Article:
Governor nod to prosecute BSY
Less than half an hour before Karnataka’s BJP began a crucial meeting to decide if B S Yeddyurappa’s candidate would succeed him, governor H R Bhardawaj announced he recommended BSY's prosecution on graft charges. Samar Halarnkar reports. Lokayukta report revealed in fullindia Updated: Aug 04, 2011 00:03 IST
As political interventions go, the timing could not have been more suspect.
Less than half an hour before Karnataka’s BJP began a crucial meeting to decide if B S Yeddyurappa’s candidate would succeed him, governor H R Bhardawaj announced he was accepting the lokayukta report accusing the powerful former chief minister of corruption and had recommended his prosecution.
This means the lokayukta’s police wing can go ahead and file criminal cases against Yeddyurappa under the Prevention of Corruption Act.
The sanction for prosecution also came a couple of hours before the new lokayukta, former Supreme Court justice Shivraj Patil, was sworn into office by the governor.
The lokayukta report, submitted to the governor and the government on July 27, said Yeddurappa, two sons and son-in-law took bribes from one of India’s largest steel companies, JSW Steel, which donated Rs 10 crore to trust managed by family and paid Rs 20 crore to them for a plot of land worth Rs 1.25 crore.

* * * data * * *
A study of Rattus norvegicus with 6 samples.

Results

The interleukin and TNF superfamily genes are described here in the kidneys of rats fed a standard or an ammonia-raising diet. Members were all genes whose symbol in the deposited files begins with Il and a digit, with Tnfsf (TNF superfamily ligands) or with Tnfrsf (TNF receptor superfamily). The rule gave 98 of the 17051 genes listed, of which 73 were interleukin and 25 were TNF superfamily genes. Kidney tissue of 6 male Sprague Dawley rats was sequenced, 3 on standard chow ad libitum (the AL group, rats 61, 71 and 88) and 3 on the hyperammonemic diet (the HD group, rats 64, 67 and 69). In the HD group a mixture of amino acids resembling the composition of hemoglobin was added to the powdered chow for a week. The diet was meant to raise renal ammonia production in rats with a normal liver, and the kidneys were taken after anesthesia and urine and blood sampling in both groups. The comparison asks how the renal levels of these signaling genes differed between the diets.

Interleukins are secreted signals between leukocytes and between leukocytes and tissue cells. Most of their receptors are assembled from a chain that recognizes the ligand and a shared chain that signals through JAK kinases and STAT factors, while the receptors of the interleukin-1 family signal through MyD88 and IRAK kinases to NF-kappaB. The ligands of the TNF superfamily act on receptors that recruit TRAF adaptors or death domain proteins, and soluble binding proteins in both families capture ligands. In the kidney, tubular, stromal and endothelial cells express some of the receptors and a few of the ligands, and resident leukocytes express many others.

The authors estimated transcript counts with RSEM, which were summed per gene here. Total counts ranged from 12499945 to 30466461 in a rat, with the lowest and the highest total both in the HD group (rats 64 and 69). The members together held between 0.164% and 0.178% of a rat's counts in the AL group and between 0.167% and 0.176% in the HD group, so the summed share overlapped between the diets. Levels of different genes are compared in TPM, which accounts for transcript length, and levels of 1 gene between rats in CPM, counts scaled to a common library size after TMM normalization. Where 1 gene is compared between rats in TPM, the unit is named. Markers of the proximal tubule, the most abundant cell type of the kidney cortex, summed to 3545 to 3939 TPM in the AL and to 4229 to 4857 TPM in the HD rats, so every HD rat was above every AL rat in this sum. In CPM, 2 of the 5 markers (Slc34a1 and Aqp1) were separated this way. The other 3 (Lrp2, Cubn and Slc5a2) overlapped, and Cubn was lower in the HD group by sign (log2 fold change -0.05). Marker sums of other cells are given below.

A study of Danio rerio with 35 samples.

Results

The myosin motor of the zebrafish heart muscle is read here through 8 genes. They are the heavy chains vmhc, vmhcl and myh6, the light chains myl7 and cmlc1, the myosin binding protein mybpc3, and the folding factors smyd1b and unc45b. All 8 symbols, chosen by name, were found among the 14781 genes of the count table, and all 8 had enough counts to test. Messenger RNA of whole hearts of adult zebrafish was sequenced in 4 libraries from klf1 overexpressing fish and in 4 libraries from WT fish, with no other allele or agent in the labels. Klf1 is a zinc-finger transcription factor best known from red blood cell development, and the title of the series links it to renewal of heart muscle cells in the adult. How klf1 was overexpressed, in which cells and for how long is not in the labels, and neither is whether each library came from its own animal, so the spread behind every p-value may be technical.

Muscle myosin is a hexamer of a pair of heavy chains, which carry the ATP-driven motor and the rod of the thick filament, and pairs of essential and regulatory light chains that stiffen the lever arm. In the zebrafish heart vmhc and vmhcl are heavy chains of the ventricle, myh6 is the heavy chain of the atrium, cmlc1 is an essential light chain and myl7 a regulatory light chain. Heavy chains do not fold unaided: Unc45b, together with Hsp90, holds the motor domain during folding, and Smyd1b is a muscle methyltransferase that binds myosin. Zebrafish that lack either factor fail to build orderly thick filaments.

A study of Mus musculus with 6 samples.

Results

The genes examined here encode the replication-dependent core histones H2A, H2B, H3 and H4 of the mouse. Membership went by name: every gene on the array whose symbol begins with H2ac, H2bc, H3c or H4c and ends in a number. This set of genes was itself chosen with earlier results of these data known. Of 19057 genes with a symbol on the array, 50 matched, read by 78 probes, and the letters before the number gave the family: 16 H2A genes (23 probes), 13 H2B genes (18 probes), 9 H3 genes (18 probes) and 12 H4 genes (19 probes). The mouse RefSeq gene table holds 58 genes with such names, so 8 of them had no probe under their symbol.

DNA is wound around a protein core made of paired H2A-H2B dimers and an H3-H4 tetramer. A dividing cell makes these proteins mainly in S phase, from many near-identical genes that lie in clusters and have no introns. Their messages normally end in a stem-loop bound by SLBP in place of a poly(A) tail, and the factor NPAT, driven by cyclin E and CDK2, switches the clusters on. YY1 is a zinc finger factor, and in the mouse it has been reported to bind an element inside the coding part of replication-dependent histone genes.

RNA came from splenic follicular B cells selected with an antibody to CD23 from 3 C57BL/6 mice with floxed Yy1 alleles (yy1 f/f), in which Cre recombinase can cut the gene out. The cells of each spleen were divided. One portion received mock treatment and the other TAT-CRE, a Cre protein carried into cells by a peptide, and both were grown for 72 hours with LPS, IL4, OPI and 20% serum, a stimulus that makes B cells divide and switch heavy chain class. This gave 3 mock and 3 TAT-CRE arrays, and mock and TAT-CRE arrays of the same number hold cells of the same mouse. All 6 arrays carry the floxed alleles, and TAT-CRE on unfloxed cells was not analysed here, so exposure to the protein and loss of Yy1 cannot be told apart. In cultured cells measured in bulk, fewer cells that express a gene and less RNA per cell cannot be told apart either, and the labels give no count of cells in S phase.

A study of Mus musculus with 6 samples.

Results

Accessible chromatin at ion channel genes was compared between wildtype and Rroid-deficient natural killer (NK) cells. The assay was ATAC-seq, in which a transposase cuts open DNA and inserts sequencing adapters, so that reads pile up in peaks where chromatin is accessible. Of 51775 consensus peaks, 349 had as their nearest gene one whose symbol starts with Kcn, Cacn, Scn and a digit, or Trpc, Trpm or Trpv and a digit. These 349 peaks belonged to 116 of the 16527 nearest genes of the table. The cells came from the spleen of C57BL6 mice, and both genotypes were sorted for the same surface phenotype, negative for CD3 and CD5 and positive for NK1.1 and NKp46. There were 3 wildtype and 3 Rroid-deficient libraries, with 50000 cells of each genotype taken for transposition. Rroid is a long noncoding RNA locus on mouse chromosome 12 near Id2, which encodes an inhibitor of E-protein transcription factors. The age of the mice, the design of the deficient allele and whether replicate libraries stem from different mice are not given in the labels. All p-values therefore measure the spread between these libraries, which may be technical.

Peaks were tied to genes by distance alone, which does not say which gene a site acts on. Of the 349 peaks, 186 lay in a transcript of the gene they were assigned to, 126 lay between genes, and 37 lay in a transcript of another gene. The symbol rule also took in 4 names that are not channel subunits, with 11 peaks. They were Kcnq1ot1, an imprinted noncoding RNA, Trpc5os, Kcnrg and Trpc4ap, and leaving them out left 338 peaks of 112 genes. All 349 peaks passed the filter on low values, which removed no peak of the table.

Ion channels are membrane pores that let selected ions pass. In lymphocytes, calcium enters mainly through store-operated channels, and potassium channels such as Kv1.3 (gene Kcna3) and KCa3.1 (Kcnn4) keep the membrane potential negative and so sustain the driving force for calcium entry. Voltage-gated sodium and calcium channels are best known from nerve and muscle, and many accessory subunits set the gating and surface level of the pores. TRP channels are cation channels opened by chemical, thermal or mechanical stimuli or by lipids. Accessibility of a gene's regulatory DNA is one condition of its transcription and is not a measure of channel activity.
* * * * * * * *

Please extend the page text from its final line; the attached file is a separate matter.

The governor’s sanction for prosecution will not be easy to carry out because Yeddyurappa’s successor, D V Sadananda Gowda, is a close associate of the former chief minister.
“Our investigators (who wrote the 25,2228-page report) have already been threatened,” noted a lokayukta officer on condition of anonymity. “We have to see how we will be able to act with the administration firmly against us and Yeddyurappa’s man as chief minister.”
The lokayukta police are drawn from the state police for fixed tenures. Eventually, they must return to the state police.
While the government has not taken any decision on the recommendation of former lokayukta justice Santosh Hegde, who retired on Tuesday, to prosecute 787 officials and politicians on various charges, including bribery and fraud, the sanction to act against Yeddyurappa could only come from the governor.
The Lokayukta Act, 1984, clearly defines “public servants” covered under the Act. That includes the “chief minister and all other ministers and members of the state legislature”.
The lokayukta can investigate but cannot prosecute them without sanction. The chief minister must sanction prosecution of officers.
In case of the chief minister or a member of the legislative assembly, that prerogative, the Act reads, the “competent authority”, is “the governor acting in his discretion”.